So Much More Than Feeling Sorry: A Picture of True Repentance

Daily Reflection / Produced by The High Calling

Luke 19:

In popular culture today, and often in Christian culture, repentance is a matter of feeling sorry. “Repent of your sins” (not that many people speak this way anymore) means, “Be sorry for what you have done.” Such sorrow seems often to be remorse over having been found out more than genuine sadness over having done wrong.

Biblical repentance usually includes feeling sorry for our behavior. But repentance is not a matter of feelings, but of choices and actions. In Scripture, “to repent” means “to turn around and go the other direction.” It’s a change of purpose, intention, and values. It means living in a whole different way, turning from sin, turning to God, and walking in his paths.

Zacchaeus offers an accurate, stirring picture of repentance. The tax collector, hated for his collusion with Rome and for getting rich by taking advantage of the people he taxed, has a life-changing encounter with Jesus. Luke doesn’t even tell us what, if anything, Jesus said to encourage Zacchaeus’ response. But the response is stunning: “I will give half of my wealth to the poor, Lord, and if I have cheated people on their taxes, I will give them back four times as much” (19:8). Talk about repentance! Zacchaeus doesn’t just feel bad about his past behavior. He resolves to change it dramatically, to make right what he has done wrong. Implicitly, he will live in a radically different mode from this moment on.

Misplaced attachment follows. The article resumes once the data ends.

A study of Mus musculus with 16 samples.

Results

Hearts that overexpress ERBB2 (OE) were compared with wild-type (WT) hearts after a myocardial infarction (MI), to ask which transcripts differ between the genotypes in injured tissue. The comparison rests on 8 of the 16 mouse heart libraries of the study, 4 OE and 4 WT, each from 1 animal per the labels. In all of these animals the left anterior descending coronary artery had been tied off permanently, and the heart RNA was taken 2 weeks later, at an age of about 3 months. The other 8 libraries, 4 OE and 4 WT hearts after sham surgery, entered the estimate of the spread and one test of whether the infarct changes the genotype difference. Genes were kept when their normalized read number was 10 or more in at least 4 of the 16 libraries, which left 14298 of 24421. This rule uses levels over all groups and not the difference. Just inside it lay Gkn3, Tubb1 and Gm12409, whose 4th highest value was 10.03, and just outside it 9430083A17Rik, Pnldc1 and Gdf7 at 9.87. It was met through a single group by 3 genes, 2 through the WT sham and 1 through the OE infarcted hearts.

When God meets us and stuns us with his grace, we rightly do more than feel a little bad. We embrace his grace in a way that transforms our lives. We begin to live in a whole new key, joining the symphony of the kingdom of God. To be sure, we do this imperfectly, hitting many bad notes along the way. But a life of repentance means that we continue to turn to God, again and again, seeking him and seeking to honor him by how we live each day.

QUESTIONS FOR FURTHER REFLECTION: Have you ever experienced repentance in any way like that of Zacchaeus? When? Why did you repent? What gives you a desire to leave behind your sin in order to live more fully for God?

PRAYER: Dear Lord, thank you for this powerful picture of repentance. Zacchaeus models something that happens when we encounter you in your justice and righteousness, in your love and grace. When we truly meet you, we feel drawn to turn our lives around, not in order to earn your favor, but in response to your favor freely given. Thank you!

Help me, dear Lord, even today, to live a life that moves in your direction. Help me to say “no” to sin and “yes” to you all day. Amen.